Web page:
Almost 750 potentially life-saving defibrillators require urgent updates

News Category: -none-

Date: 03/11/2016

The Health Products Regulatory Authority (HPRA) is today highlighting that approximately 750 automated external defibrillators (AEDs) in Ireland require urgent safety and maintenance updates.  Updates to these AEDs are identified as being required through the ongoing post market surveillance of the manufacturers. Some of these upgrades are in the form of a software update or the replacement of an AED component. These updates are needed immediately to ensure that the devices will work as necessary in a life-saving situation. If the AEDs are not appropriately updated, the devices across the seven affected models may not work as required in the event of an emergency.  

The HPRA is calling on all organisations in possession of an AED to check that their device is not one of the models affected by these outstanding actions. This can be done by looking at the HPRA dedicated AED webpage.

The seven AEDs models which require corrective actions are:

AED Name                                                       Manufacturer                             

AED Plus                                                          Zoll

Samaritan 300P                                                Physio-Control (Formerly HeartSine)                    

Samaritan 500P                                                Physio-Control (Formerly HeartSine)                            

Lifepak 1000                                                     Physio-Control

Lifepak CR Plus or Lifepak Express AED         Physio-Control

Fred Easyport                                                   Schiller AG                           

The HPRA has a dedicated section on its website detailing the implicated AEDs that need corrective action. This information contains links to the manufacturers communications (titled Field Safety Notices) detailing the updates for the above models and manufacturers contact details. The HPRA has also published its own safety notices in relation to various AEDs, links to which are on the AED webpage. It also has an advice leaflet on AEDs available to download online with printed copies also available to order.

It is estimated that 70 percent of all cardiac arrests occur outside of the healthcare environment, where the correct operation of an AED may be a life-saving intervention. In addition to the updates, the HPRA is highlighting that all AED owners should ensure that their devices are stored correctly and regularly checked during the winter months.  

Anne Tobin, the HPRA’s Medical Devices Vigilance Manager said, “Of the estimated 10,000 AEDs in Ireland, we are aware of approximately 750 of these that may not operate as required in an emergency situation. We know that each of the AED manufacturers concerned are contacting the owners directly to gain access to the devices to ensure that the updates are completed. We are urgently calling on all device owners to check if they have one of the affected AEDs and, where necessary, to contact their manufacturer or supplier immediately to ensure the correction required is carried out without further delay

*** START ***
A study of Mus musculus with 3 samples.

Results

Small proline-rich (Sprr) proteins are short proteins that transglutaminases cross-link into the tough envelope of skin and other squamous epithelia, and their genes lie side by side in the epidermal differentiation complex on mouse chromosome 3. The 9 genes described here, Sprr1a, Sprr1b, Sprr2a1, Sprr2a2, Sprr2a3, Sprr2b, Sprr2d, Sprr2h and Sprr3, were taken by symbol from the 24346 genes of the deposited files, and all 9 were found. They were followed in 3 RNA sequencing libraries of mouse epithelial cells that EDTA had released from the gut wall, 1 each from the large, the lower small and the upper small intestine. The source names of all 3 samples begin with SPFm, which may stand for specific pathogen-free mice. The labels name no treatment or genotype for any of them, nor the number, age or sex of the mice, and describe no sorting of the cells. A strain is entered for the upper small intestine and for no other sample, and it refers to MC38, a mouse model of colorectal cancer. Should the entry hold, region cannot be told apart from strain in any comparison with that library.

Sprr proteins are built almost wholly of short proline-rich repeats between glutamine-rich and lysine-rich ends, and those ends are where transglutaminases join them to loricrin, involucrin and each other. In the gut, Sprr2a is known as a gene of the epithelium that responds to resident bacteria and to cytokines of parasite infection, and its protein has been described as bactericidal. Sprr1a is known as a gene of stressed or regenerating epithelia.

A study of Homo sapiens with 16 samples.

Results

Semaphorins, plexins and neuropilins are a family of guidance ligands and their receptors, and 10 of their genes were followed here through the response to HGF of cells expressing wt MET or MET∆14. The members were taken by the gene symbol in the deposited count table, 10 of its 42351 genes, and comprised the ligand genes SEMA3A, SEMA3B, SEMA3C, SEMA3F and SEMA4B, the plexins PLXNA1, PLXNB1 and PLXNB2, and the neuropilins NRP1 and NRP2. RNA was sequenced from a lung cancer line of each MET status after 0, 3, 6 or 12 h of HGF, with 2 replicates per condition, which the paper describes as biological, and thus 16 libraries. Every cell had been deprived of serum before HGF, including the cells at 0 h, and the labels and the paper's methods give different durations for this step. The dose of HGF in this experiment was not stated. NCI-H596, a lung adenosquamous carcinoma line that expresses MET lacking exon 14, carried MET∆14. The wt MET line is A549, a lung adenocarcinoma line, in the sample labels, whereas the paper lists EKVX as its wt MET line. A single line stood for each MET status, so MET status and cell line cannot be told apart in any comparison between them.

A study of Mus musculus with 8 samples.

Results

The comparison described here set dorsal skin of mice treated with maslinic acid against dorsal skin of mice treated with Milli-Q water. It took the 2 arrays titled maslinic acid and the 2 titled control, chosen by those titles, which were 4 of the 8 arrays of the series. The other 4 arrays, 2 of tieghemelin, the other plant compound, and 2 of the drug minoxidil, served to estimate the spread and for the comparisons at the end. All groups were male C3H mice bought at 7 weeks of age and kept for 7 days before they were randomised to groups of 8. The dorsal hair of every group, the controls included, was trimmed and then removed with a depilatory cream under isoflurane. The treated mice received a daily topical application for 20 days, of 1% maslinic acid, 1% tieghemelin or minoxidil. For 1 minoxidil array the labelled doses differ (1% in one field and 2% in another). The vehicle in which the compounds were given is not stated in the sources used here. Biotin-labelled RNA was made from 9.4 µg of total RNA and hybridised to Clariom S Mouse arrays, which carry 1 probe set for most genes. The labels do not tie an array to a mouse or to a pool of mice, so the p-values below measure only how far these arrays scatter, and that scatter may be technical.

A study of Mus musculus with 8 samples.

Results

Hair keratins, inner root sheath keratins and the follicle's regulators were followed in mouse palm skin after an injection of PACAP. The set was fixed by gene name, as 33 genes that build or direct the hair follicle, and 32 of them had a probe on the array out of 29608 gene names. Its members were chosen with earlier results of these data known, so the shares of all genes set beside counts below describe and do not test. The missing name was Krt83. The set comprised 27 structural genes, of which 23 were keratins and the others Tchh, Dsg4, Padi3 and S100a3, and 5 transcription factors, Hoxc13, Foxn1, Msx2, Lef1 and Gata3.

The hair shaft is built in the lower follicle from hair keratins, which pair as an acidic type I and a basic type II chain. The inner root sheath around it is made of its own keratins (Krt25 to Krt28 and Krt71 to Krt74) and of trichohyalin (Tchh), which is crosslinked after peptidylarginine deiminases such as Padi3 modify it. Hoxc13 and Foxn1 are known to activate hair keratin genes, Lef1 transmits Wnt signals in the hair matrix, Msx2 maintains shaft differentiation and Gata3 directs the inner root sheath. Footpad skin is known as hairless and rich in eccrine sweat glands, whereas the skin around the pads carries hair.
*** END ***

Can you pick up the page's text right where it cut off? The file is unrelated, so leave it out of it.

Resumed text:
Another key aspect to ensuring that these devices operate when required is good storage and maintenance according to the manufacturer’s instructions. “Even if an AED has received all of the updates required, owners should remember that as we enter the winter months, it is critical that they store their AEDs appropriately. Defibrillators and their accessories can be badly affected by the weather and other environmental conditions,” added Ms Tobin.

In recent years, defibrillators have become easier to use, automatic, portable and affordable, which has resulted in a significant increase in the number of AEDs in Ireland. Many Irish sporting venues, schools, hotels, restaurants, businesses and shopping centres now have the cardiac devices on their premises in case of emergencies. All organisations with an AED on their premises should provide the manufacturer of their device with their correct contact details to ensure that the manufacturer can inform them of the need for safety upgrades if required.



Weber Shandwick PR                                    01 679 8600                                  

Siobhan Molloy/ Rachel Galligan:                 086 817 5066/ 087 7919901



The Health Products Regulatory Authority (HPRA) protects and enhances public health and animal health by regulating medicines, medical devices and other health products. The products under its remit include human and veterinary medicines, medical devices, blood and blood components, tissues and cells, organs for transplantation and cosmetics. Formerly known as the Irish Medicines Board (IMB), it became the Health Products Regulatory Authority on 1 July 2014.


The HPRA’s guidance on AEDs includes:

  • CE Mark – All medical devices including defibrillators must carry a CE mark which ensures that when used and stored properly, the device should work as intended and be safe.
  • Review the product manual for the device and its accessories to identify the conditions that could affect its performance, such as:
    • Storage temperature
    • Exposure to moisture and damp (environmental humidity)
  • A copy of the manual should be stored with the defibrillator and be accessible AT ALL TIMES.
  • A maintenance plan and schedule should be put in place. It is very important that someone familiar with the operation and storage of the defibrillator is given the task of keeping the plan up to date.
  • A defibrillator may need to be updated or changed during its time in use. For example, it may require new software.
  • Regular servicing and maintenance is essential and must be carried out in accordance with the guidance given by the manufacturer.